Core-independent peripheral MCUs bring flexible power management - Embedded.com

Core-independent peripheral MCUs bring flexible power management

Looking to extend its family of 8-bit core independent peripheral MCUs to power management applications in automotive, LED lighting, and display applications, Microchip Technology, Inc. (Chandler, Ariz.) introduced its PIC16(L)F1769 (Figure 1) .

It includes up to two independent closed loop channels and a programmable ramp generator (PRG), which automates slope and ramp compensation, and increases stability and efficiencies in hybrid power conversion applications. The PRG provides real-time, down-to-the-nanosecond responses to a system change without CPU interaction for multiple independent power channels.

The PIC16(L)F1769 incorporates dual sets of peripheral analog and digital functions for managing power without direct MCU involvement.

The PIC16(L)F1769 incorporates dual sets of peripheral analog and digital functions for managing power without direct MCU involvement.

In an interview with EE Times, Microchip MCU8 Division Product Marketing Manager Greg Brown said that what made this possible was the use of a unique core-independent peripheral (CIP) microcontroller architecture that reverses the traditional role of the MCU in a typical control-oriented application.

Making 8-bit MCUs more useful

“In essence, the core-independent peripheral approach we use turns the majority of the real time and deterministic event management over to a variety of sophisticated on-chip peripheral blocks,” Brown said. “The MCU is used instead for general management of peripheral interactions, user interface operations, external communications, and resolving conflicts. It also manages the code created by the developer for a variety of fail-safe functions that might occur, the mix depending on the application area to which the device is targeted.”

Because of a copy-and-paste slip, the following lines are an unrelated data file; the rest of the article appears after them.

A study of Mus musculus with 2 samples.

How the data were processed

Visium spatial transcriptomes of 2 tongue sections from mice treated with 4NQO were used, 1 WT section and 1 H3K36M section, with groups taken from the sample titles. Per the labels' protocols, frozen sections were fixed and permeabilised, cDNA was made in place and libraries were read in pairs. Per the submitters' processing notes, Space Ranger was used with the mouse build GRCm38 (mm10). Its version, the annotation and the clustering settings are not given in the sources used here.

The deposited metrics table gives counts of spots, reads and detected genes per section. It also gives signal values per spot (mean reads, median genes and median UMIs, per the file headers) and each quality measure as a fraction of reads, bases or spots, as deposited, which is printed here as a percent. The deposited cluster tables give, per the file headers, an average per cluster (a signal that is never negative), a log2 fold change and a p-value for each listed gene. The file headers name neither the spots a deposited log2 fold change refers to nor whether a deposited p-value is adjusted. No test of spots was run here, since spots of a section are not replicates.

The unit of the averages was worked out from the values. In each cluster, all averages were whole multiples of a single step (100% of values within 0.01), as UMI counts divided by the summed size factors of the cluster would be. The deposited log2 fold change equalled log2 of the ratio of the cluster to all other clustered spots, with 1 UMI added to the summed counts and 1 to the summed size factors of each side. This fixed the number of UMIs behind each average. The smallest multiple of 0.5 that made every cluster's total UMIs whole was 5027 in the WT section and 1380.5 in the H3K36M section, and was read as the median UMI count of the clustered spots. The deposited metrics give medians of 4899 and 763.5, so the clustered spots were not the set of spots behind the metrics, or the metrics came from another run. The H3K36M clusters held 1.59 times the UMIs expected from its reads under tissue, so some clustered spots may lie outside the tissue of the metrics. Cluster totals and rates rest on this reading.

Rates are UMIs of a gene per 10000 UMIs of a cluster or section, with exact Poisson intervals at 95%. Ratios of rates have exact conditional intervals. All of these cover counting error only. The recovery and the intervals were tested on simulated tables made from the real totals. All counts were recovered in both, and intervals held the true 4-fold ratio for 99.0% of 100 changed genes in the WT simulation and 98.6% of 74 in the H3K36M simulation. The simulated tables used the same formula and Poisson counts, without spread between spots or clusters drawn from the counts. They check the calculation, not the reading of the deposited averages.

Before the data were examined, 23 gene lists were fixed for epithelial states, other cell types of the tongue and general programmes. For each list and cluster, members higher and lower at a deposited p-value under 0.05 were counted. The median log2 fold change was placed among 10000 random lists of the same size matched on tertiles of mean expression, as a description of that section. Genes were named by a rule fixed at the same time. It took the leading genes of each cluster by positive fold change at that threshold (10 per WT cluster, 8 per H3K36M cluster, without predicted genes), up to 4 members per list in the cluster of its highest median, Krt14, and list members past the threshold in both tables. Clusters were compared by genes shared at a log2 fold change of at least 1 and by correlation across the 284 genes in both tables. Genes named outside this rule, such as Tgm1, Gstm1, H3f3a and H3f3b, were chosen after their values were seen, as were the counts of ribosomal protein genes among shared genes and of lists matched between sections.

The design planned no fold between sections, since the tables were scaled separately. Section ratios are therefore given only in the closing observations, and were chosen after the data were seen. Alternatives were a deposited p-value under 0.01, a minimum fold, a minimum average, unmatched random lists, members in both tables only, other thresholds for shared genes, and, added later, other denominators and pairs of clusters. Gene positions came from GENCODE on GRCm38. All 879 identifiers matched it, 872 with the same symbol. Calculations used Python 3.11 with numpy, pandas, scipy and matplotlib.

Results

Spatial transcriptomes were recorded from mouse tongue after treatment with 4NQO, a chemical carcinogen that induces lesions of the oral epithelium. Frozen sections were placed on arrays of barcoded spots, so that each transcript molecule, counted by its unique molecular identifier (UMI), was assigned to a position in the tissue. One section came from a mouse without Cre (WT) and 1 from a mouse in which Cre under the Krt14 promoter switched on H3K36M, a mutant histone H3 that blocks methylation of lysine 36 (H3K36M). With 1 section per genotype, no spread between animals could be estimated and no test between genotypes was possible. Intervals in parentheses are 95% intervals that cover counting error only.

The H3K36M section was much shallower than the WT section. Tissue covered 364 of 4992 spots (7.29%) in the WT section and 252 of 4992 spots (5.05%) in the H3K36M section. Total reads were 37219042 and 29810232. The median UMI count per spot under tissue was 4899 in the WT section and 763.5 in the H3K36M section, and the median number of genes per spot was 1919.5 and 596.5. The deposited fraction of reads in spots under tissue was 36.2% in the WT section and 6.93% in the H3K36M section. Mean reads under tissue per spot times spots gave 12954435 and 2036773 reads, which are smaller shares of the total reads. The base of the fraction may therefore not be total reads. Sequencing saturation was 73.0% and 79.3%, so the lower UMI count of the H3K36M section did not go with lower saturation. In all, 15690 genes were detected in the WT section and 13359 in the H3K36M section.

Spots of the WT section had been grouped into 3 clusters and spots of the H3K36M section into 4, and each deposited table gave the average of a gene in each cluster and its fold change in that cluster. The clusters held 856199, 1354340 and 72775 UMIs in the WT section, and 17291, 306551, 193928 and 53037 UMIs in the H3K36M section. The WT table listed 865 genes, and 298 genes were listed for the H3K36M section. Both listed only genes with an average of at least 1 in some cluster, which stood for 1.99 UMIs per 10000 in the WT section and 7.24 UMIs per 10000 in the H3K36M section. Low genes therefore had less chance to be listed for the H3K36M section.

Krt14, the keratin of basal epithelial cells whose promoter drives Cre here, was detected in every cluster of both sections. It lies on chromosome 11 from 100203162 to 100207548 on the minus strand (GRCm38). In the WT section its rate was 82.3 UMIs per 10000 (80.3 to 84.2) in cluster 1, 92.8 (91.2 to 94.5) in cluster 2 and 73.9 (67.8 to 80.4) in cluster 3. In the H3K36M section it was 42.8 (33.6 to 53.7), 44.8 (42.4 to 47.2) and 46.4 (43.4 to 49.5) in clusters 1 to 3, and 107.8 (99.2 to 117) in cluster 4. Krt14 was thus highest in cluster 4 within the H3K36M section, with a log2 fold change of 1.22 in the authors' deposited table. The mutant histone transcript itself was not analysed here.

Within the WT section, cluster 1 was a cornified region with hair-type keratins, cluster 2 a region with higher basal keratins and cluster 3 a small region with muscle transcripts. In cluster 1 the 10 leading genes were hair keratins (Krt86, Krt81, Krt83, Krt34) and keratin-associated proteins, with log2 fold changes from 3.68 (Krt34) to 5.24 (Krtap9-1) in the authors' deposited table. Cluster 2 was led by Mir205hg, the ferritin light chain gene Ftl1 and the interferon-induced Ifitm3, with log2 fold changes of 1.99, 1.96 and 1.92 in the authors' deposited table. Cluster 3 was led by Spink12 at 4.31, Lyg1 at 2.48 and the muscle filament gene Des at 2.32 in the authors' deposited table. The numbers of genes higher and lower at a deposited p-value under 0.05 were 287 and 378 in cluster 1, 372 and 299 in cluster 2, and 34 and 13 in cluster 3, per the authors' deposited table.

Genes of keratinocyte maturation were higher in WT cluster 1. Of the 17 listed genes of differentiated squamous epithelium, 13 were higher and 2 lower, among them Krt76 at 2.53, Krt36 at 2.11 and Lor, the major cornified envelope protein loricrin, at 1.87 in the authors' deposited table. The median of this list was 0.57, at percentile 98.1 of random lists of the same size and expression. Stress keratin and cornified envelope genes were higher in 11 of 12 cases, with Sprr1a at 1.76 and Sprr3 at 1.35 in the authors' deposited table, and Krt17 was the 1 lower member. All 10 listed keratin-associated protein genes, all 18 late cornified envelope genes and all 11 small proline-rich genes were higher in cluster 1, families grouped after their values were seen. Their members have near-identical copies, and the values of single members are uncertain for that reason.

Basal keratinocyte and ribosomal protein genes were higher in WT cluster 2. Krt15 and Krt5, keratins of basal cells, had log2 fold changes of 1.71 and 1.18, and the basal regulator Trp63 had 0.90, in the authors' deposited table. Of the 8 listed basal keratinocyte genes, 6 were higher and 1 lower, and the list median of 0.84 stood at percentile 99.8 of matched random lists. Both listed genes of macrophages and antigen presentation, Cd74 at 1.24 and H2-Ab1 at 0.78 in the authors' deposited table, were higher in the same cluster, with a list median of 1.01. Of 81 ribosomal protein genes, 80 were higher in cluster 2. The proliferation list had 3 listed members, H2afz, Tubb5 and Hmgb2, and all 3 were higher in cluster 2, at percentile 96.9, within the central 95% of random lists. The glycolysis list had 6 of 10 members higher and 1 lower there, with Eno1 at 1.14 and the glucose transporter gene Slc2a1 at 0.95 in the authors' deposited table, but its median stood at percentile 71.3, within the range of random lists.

The CIP architecture was conceived as a way to extend the lifetime and usefulness of eight bit MCU architectures such as the PIC16. “It was clear to us that if the industry continued in the direction it was going with a purely code-based approach to managing event control, the 8-bit architecture would eventually die out.”

Company engineers decided to use smaller geometry processes to create a silicon environment in which the MCU itself occupied no more than 5% of the die and where the rest was used to incorporate a variety of peripheral functions normally done externally.

In such an architecture, one thing the MCU does not do is run a lot of code related to the deterministic operations of the various peripherals. “Much of that is offloaded to the peripheral blocks to execute in hardware,” said Brown. “And where some degree of programmability is required, this architecture is designed with a small amount of programmable logic for those contingencies.”